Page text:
Tuesday, February 17, 2009

Thank you, Captain Obvious

by Jordan Bubin

In the last few days, we've heard about two rather amusing studies in the fields of psychology and gender studies. First, British doctors discovered that pregnant women aren’t stupid, and second, a Princeton researcher discovered that—gasp!—men view half-naked women as sexual objects, according to MRI scans of their brain. The first study is trumpeted by the journalist as one that blows away the myth that pregnant women are baby-crazy idiots, and the second presumes to perhaps offer some empirical evidence that men are pigs.

All I can think is, who cares? A quick poll of the friends I’m sitting with at this table reveals that none of us have ever heard of the joke that pregnant women are dumb. I’m sure between us, we could make a nice, epic list of sexist jokes - many of which include pregnancy—but not that one. The journalist, Cath Elliott, complains that so much of the advice aimed at pregnant mothers assumes they’re brain-dead, but I don’t really see that as being different from advice offered to people who are in need of loans, writing in to “Dear Abby” columns, or, well, any advice given through mass media ever. The entire section of the magazine industry responsible for publications like Cosmo and Men’s Health, after all, is essentially based on the idea that people haven’t figured out that kissing, touching nipples, oral sex, and changing speeds during sex might make intercourse more interesting.

The Princeton study seems still sillier. The study seems even less groundbreaking than the sub-field of sociology dedicated to rediscovering, every other month, that women do more housework than men (no shit, Sherlock). To me, the impetus for such a study is beyond comprehension. If you prove that men objectify half-naked women, have you shown that there is a problem, or shown that it’s in fact biological, and perhaps harder(or even impossible to rectify, as Chloe points out? It seems to me that the study has proved very little, since part of being human is having the capacity to overcome things we may naturally be inclined to do, such as peeing anywhere we feel like or physically attacking people who threaten us.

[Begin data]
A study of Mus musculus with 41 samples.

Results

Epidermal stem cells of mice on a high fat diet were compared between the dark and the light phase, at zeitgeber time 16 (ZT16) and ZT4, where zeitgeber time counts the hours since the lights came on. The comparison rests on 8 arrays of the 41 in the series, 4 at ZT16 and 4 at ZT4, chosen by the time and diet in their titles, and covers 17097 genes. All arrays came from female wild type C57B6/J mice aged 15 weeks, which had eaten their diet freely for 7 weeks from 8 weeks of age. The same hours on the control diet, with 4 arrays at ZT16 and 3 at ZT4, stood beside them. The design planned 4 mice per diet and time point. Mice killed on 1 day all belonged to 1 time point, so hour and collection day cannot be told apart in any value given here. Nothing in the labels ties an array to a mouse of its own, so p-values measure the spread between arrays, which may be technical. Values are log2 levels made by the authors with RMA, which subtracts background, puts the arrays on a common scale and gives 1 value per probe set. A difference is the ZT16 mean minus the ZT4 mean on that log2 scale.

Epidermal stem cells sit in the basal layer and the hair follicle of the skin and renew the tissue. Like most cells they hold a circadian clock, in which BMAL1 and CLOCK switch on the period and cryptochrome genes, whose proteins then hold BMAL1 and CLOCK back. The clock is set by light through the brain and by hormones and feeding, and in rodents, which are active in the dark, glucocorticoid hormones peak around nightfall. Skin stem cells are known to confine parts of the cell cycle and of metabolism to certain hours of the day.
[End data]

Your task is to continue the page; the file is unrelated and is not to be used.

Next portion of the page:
As far as scientific studies go (and it should be pointed out that I am not a scientist by any means, but a humble political theorist), I’m under the impression that studies ought to compare different groups in order to be worthwhile. The study managed to question men on how “sexist” they were, but it would have been more interesting if it had managed to look at whether a number of other questions: do gay men objectify half-naked men? Do bisexual men objectify half-naked women more than they objectify half-naked men? Do women objectify half-naked men? And do lesbians objectify half-naked women? The authors ponder whether men or women may be more attracted to status or resources, as opposed to physicality, all of which seems interesting, but beyond any point their own study could have (pitifully) hoped to address.

It seems most likely to me that people of any gender, if they see someone attractive, are going to have parts of their brain light up, and those parts may be the parts that “are associated with objects or things you manipulate with your hands," rather than parts that are associated with “thinking about people’s minds and thoughts.” Well, duh. If you see someone attractive, your first thought is presumably not “I wonder what they think about the realist critique of diplomacy,” but something along the lines of “yum.” And that seems to me to be utterly fine. It seems part and parcel with having a sex drive. It reminds me of one of my favorite comedians explaining that it’s not pornography that causes sexual thoughts—it’s “having a dick! Or, you know, for ladies, a vagina.”

The problem isn’t that people fantasize about other half-naked people as objects—it’s when that is the sum total, or majority, of your thoughts about the opposite sex (or the same sex, or whatever). It seems to me that if you’re trying to figure out how to bring about a more feminist world, you should pick your battles—and professors would do well to contemplate the utility of their actions before busting out their MRI machines.


At February 18, 2009 at 10:22 PM , Anonymous Samantha H. said...

The fact that people will use the Princeton study to suggest that men are hardwired to view women as objects is not a problem inherent within the study. In fact, knowing Prof. Fiske, I am sure she would balk at the idea of the study being used to those ends. Those who would use this study to make such claims are forgetting the fact that we as human beings are completely capable of overriding our "hardwiring." Also, they would be ignoring the fact that neural pathways and regions of the brain are malleable. It's completely possible that men are socialized to view women as tools which then causes their brain regions to activate in the ways described in this study. It may not be happening the other way around.

As for the researchers studying an obvious phenomenon, am I the only person who didn't see this as obvious at all? Granted, some men view some women as objects. But the fact that what we call "viewing someone as an object" was apparent on the neural level is shocking and disheartening.